Kayode Lawal, Abuja.
The Economic and Financial Crimes Commission, EFCC, has been advised to stop criminalizing civil transaction matters that are outside its establishment mandate in order to stop incurring further wraths of Courts.
Specifically, the anti-graft agency was asked to re-evaluate its approach to cases involving civil transactions and limit its scope of operations to criminal matters as stipulated in the law that set it up.
An Abuja based lawyer, Pelumi Olajengbesi issued the warning in a statement on Saturday in reaction to the Supreme Court judgment that quashed the conviction of Senator Peter Nwaoboshi on alleged over N800m fraud.
The EFCC had accused Senator Nwaoboshi of illegal property acquisition, leading to his arrest and subsequent arraignment before the Federal High Court in Lagos.
However, the court ruled that the nature of the transaction was civil in nature, thereby questioning the EFCC’s authority to intervene in such matters. Consequently, the defendants were discharged and acquitted.
Nevertheless, the Court of Appeal held a different view, prompting an appeal to the Supreme Court on behalf of Senator Peter Nwaoboshi.
The Supreme Court, in its judgment, emphasized that the entire prosecution, conviction and sentencing were based on civil transactions.
It stressed that the EFCC, as a body entrusted with the responsibility of curbing financial crimes and related offenses, lacks the legal jurisdiction and authority to involve itself in civil matters.
Reacting to the Apex Court’s verdict, Olajengbesi said: “Regrettably, this experience is not unique to Senator Peter Nwaoboshi but resonates with numerous Nigerians and stakeholders who have encountered the EFCC’s actions.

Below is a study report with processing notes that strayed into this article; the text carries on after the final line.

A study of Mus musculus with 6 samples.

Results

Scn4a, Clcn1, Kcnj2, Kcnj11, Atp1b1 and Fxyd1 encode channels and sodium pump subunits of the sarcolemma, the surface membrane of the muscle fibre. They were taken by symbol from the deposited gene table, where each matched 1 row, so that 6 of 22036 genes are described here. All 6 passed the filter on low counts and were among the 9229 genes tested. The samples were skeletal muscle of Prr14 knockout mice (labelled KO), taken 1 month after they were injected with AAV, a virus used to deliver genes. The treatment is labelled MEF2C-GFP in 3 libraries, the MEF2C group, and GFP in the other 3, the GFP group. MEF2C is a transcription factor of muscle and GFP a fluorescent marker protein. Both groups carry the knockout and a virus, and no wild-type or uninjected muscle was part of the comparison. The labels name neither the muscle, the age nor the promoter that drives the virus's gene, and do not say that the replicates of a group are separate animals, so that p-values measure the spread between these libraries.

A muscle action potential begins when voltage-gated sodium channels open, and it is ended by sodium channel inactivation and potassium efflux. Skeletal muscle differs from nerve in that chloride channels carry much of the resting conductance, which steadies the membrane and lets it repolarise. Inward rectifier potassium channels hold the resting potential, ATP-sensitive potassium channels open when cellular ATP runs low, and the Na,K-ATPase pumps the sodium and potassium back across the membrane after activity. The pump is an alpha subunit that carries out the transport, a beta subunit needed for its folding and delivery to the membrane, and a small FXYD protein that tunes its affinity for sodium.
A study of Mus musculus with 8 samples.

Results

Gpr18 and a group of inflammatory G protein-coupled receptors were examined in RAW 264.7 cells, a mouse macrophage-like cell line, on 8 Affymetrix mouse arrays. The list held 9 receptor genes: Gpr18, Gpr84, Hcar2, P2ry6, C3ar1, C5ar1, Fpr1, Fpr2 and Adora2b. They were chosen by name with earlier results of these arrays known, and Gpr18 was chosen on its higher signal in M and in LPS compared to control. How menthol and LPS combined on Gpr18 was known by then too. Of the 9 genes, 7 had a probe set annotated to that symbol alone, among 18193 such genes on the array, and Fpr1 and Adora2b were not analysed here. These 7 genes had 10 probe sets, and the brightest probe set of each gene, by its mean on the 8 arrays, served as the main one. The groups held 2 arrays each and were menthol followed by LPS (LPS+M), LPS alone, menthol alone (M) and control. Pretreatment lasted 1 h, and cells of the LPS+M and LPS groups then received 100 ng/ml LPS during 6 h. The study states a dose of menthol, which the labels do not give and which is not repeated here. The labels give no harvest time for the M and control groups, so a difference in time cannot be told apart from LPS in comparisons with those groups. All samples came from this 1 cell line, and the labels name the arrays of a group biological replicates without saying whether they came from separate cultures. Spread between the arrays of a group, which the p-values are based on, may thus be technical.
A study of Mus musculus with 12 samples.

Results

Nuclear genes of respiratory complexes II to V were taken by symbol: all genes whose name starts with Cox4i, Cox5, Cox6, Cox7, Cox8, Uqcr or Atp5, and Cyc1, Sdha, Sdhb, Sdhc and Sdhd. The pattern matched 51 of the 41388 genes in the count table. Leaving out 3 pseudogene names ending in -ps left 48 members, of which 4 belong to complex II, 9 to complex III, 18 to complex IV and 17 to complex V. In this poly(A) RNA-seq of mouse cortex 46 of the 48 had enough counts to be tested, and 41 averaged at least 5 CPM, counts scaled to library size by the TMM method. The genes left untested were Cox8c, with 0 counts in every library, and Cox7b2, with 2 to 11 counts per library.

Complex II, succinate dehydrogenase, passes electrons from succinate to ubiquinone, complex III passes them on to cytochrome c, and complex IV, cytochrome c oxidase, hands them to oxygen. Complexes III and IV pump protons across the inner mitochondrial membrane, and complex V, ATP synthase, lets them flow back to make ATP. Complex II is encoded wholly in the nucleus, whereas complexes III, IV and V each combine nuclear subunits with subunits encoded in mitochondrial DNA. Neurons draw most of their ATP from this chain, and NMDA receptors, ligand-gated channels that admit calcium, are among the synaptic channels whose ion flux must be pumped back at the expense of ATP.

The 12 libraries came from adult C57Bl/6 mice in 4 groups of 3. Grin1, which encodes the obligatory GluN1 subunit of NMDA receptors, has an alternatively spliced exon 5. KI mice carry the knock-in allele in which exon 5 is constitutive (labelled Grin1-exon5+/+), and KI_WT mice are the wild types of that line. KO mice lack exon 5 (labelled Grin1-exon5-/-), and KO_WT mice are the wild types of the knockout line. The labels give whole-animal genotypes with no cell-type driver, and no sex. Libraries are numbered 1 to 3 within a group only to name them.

“The agency, established to detect and combat financial crimes within and outside the government, has strayed from its mandate and now acts as a debt recovery agency, wielding its power against perceived adversaries.
“It is crucial to emphasize that the EFCC, like other law enforcement agencies, does not possess the legal capacity to interfere in civil transactions between citizens and companies. Its role does not extend to debt recovery or arbitration in economic disputes.
“This legal position is well-established in Nigerian law, including the EFCC Act and the Administration of Criminal Justice Act, 2015 (ACJA), and has received judicial endorsement in numerous cases, including thode of the Supreme Court.
“Therefore, we urgently call upon the leadership of the EFCC to restructure its modus operandi to align with its mandate as a commission. The EFCC must refrain from meddling in civil transactions that fall under the jurisdiction of competent courts or, at best, arbitration panels.
“Such a course of action would not only restore the public’s faith in the anti-graft agency but also safeguard the integrity and reputation of the Commission, which has been meticulously built over the years”.